Wow, that's one scary possible outcome from one very small design flaw. Just goes to show how important every component can be and why design for failure mode and effects analysis needs to be a critical part of the development workflow.
That's why bikes used to use chains. Seriously, though, this column points to a common design flaw found in many products, where there's a single point of failure. And when I say point, I mean it literally, in that it often comes down to a single screw or fastener. Further, when that fastener comes loose (and usually not in the way it was intended; i.e., it comes out violently), you often get a stripped, ripped, or otherwise broken mounting point, which makes repair difficult.
Glancing briefly at Harley owner fourms, I couldn't find any mentions of this problem. On the other hand, there were a lot of comments from people who take the belt guard off because they don't like the way it looks. Apparently, they prefer to take their chances with stones and gravel possibly taking out a belt! So it's possible that Harley is careless about the fastening strategy because they assume owners will just remove the part anyway.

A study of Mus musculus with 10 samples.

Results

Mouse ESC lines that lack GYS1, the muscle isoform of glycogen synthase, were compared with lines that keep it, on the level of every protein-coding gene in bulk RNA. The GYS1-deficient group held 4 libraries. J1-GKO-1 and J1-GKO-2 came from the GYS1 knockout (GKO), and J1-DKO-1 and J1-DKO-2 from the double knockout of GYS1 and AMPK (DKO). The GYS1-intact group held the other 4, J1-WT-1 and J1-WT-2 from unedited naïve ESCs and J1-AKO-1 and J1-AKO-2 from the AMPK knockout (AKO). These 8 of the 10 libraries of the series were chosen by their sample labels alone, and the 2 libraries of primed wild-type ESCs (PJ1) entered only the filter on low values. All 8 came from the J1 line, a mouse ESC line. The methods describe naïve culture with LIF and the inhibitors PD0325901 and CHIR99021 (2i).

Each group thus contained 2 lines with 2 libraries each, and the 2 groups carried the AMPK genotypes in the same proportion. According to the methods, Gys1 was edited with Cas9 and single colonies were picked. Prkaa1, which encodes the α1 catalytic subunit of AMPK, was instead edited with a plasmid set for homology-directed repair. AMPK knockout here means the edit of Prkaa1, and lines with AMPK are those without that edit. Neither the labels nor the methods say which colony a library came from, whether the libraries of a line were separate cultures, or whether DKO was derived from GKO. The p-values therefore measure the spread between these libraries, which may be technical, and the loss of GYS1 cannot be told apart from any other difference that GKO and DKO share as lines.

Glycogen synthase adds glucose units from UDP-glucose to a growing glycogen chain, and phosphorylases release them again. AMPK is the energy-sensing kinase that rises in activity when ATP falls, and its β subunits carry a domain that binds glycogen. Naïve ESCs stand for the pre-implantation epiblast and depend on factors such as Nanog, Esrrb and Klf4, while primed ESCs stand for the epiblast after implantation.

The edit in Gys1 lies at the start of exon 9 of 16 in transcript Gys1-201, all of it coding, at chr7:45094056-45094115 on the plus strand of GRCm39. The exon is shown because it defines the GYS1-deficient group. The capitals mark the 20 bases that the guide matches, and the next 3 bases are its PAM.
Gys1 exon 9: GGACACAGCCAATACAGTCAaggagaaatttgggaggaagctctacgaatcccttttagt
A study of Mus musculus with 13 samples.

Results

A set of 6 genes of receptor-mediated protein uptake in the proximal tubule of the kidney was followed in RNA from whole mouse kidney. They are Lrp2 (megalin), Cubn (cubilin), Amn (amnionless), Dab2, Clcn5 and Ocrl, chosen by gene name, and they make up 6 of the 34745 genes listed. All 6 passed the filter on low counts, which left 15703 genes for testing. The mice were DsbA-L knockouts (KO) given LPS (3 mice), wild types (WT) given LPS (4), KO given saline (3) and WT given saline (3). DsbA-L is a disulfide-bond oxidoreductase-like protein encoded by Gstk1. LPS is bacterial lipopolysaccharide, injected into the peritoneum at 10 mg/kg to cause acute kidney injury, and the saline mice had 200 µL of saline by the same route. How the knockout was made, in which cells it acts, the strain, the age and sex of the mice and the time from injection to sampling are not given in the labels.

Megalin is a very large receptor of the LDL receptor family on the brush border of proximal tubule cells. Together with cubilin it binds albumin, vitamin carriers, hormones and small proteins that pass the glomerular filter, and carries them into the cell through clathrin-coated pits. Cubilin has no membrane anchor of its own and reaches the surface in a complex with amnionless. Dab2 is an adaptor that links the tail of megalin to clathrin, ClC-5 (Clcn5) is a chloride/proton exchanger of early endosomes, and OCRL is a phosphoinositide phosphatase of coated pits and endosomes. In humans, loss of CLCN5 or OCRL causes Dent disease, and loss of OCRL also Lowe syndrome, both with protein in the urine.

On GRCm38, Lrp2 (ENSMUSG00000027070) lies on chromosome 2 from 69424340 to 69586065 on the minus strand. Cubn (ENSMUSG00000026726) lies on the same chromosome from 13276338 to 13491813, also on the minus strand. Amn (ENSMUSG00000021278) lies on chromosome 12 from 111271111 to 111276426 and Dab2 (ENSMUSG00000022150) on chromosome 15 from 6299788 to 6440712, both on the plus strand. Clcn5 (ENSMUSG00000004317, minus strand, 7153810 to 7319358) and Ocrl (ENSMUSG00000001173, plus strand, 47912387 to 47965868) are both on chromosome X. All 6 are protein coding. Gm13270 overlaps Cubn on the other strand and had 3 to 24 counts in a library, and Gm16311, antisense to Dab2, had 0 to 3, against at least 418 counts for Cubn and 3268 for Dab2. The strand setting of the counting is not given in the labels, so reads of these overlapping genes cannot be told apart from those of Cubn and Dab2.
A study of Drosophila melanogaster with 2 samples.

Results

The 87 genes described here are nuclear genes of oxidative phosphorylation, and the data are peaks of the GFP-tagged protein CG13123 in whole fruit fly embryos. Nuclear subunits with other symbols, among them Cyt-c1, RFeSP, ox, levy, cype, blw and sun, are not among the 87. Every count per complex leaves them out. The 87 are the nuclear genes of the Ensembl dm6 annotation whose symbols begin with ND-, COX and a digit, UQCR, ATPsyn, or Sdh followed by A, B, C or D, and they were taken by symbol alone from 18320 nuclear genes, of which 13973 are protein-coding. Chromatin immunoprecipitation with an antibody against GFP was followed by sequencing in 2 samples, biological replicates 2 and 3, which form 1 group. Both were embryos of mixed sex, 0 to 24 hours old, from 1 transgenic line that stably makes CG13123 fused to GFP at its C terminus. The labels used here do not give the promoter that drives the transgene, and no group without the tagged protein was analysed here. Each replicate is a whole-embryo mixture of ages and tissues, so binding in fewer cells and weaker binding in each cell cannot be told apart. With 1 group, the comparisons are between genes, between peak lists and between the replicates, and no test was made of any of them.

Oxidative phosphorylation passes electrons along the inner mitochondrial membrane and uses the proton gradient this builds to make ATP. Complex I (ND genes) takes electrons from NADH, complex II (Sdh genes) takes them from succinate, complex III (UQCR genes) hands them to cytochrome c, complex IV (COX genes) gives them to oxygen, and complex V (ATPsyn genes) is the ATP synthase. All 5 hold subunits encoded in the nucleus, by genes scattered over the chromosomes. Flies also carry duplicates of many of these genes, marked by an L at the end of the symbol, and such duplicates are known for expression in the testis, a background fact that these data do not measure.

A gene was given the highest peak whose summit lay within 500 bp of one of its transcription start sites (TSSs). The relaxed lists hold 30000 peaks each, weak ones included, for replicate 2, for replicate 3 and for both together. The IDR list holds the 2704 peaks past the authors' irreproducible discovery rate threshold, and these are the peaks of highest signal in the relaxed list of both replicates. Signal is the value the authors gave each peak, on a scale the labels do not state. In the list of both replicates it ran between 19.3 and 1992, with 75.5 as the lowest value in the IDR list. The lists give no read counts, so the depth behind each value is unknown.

Hopefully someone from Harley is reading this, because this sounds like a very risky bit of carelessness.
Good observation, Ann. I checked the forums as well, just to see if the problem was widespread. I couldn't find anything. I went back to David for more info. Sure enough, there seems to be a design flaw.
I second what Alex said: It's hard to imagine that the belt guard has a single point of failure. Even the most insignificant components on many machines have some form of redundancy. Looks like someone decided the belt guard was too insignificant for redundancy. How scary.